On February 4, 2022, the Virginia Bureau of Insurance (BOI) released an opinion that comes down on the common practice of "split settlements" or "split closings." A "split closing" is when a seller chooses a different settlement company to represent her than the buyer. According to the BOI, the practice of having TWO settlement agents involved in the same home closing is out! Just like Frodo's ring, "[T]here can be only one settlement agent per transaction responsible and liable for 'escrow, closing, or settlement services.'” BUT, before we start wondering how the world of home closings will go on, let's dig into what the BOI opinion really means:
What services does the BOI opinion address (and not address)? The BOI opinion only addresses settlement services, which are separate from title insurance and the preparation of deeds. Va. Code § 55.1-1000 defines these services as: "administrative and clerical services required to carry out the terms of contracts affecting real estate.... [Like] placing orders for title insurance, receiving and issuing receipts for money received from the parties, ordering loan checks and payoffs... preparing settlement statements or closing disclosures..." etc.
What does it mean to have "only one settlement agent?" The BOI is not saying that a single settlement agents must do everything. The BOI writes, "...the Code does not prohibit the settlement agent from retaining or engaging other individuals or entities to assist with performing certain administrative components of the settlement transaction....." Practices like hiring mobile notaries to assist the settlement agent are clearly still allowed.
Likewise, the seller still chooses the attorney to draft the deed. Drafting deeds are the practice of law and not regulated by the BOI. Plus, most contracts make this a seller responsibility, unlike choosing a title company, which is always a buyer's decision in residential purchases.
So, what does the BOI opinion change? The BOI makes it clear that only the buyer's settlement agency can be responsible for settlement functions. While it can hire or authorize outside help, it is ultimately responsible for the entire transaction. "It is the Bureau's position, therefore, that the title settlement agent's fiduciary responsibility cannot be transferred, delegated or substituted, and that there can only be one settlement agent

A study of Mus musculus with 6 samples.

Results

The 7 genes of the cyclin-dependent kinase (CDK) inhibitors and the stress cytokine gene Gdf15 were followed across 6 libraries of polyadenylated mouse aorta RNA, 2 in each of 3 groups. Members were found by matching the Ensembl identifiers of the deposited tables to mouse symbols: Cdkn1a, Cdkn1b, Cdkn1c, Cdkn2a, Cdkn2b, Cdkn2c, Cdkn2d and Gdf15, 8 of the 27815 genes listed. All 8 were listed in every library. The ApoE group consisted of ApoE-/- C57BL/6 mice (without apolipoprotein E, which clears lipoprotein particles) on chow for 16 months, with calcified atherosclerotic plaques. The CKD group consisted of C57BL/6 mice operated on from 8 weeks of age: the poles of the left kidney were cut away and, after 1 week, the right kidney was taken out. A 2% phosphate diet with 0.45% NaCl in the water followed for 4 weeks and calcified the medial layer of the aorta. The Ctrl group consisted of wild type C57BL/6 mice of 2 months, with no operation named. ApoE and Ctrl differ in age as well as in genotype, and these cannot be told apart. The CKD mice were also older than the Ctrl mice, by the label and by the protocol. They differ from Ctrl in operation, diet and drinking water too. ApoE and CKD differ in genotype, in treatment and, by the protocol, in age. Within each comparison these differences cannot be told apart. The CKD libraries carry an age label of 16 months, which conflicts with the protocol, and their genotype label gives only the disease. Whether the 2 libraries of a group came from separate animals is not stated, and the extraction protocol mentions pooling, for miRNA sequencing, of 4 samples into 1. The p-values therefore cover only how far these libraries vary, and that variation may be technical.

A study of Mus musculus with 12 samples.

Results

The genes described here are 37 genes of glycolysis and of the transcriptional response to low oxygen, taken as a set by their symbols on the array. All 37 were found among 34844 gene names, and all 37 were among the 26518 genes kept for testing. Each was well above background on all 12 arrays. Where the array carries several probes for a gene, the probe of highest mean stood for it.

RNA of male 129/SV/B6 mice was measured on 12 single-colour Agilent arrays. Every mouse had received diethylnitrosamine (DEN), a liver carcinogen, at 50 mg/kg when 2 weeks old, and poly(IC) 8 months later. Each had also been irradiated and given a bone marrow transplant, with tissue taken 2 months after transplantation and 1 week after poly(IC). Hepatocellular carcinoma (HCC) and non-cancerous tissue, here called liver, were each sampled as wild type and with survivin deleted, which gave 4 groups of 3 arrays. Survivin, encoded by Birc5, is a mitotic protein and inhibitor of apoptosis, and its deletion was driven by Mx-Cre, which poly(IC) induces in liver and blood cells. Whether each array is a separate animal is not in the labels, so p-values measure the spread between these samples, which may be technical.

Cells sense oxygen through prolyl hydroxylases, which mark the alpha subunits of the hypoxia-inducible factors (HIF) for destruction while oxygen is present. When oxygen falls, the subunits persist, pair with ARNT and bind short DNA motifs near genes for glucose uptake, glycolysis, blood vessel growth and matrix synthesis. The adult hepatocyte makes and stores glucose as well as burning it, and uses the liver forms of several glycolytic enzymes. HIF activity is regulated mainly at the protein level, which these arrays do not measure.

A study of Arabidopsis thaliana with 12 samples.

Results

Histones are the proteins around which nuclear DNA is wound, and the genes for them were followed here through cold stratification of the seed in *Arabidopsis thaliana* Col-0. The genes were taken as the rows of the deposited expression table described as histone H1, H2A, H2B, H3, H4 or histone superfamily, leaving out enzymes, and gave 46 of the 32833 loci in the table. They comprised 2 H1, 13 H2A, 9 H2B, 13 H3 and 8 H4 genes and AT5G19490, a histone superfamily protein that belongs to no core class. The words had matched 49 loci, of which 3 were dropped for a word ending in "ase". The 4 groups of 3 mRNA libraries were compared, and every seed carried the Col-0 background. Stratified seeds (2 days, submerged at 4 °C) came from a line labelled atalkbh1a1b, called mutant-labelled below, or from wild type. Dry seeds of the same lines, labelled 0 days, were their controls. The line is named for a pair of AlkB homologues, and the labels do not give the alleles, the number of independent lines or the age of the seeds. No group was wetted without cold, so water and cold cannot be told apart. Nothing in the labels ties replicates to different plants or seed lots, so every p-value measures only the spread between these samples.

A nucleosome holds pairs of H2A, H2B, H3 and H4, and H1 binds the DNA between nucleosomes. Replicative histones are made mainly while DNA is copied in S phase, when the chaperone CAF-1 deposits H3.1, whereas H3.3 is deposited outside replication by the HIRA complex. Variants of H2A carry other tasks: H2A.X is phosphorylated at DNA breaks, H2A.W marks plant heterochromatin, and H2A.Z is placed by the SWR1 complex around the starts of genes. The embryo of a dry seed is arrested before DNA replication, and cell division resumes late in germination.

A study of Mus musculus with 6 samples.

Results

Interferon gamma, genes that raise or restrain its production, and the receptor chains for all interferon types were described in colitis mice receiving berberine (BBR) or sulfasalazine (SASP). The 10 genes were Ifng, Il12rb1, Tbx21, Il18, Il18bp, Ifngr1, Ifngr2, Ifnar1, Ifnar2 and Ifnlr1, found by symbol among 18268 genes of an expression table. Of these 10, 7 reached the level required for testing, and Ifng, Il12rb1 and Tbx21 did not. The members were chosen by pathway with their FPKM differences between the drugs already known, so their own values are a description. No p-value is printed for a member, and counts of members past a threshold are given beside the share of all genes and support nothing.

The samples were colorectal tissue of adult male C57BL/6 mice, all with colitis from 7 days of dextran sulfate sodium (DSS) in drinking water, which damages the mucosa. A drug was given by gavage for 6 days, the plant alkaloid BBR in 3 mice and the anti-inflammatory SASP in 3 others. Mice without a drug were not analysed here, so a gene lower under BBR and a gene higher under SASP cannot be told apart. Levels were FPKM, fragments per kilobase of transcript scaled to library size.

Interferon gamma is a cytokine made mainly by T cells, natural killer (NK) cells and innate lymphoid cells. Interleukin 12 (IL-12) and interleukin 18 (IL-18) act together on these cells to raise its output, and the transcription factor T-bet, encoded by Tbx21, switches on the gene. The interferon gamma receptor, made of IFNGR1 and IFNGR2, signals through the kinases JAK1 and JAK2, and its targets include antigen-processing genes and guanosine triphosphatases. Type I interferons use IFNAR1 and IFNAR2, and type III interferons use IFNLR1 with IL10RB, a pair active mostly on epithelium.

involved in the settlement or closing."
Some practical takeaways:
Can a Seller choose a separate settlement agency? Yes, if the buyer's settlement agency consents to assistance from the seller's agency. While a buyer's settlement agency cannot delegate its fiduciary duty for any part of a settlement, it can bring in outside help. So, it would be ok for the buyer's settlement agency to remain the sole fiduciary for the entire settlement process, but consent to the help of another agency. In that case, the seller's "settlement agent" would actually be "[an entity] to assist with performing certain administrative components of the settlement transaction, which the BOI opinion explicitly allows," rather than a second settlement agent.
Are Attorneys Affected By This Opinion? Yes. While the BOI does not regulate attorneys, the Virginia Code does. The BOI makes an opinion about the Virginia Real Estate Settlement Act, a law that regulates attorney settlements as well as lay settlement agents. The BOI believes that the law forbids more than one settlement agent from performing settlement services in a single transaction. Since the law does not make an exception for attorney settlement agents, multiple settlement agents in a single transaction applies to attorneys as well. So, while the BOI does not regulate lawyers, its opinion of the law may affect lawyers who conduct settlement services.
What should I do if I want to use a different settlement agency than the buyer? The seller's settlement agent should request permission from the buyer's settlement agency to perform a specific list of administrative and clerical functions. The buyer's settlement agency still has a fiduciary responsibility to both buyer and seller and must oversee any functions that another settlement agent performs. However, the BOI opinion does not forbid situations when the buyer's agency consents to administrative and clerical functions performed on behalf of the seller, even when they are done by a separate settlement agency.
-Aaron R. Pike Esq.
Pike Title has offices in Lynchburg and Roanoke, Virginia, and performs real estate title and closings in the surrounding counties. We have expert settlement agents ready to assist you for any specific questions or concerns you may have about your transaction.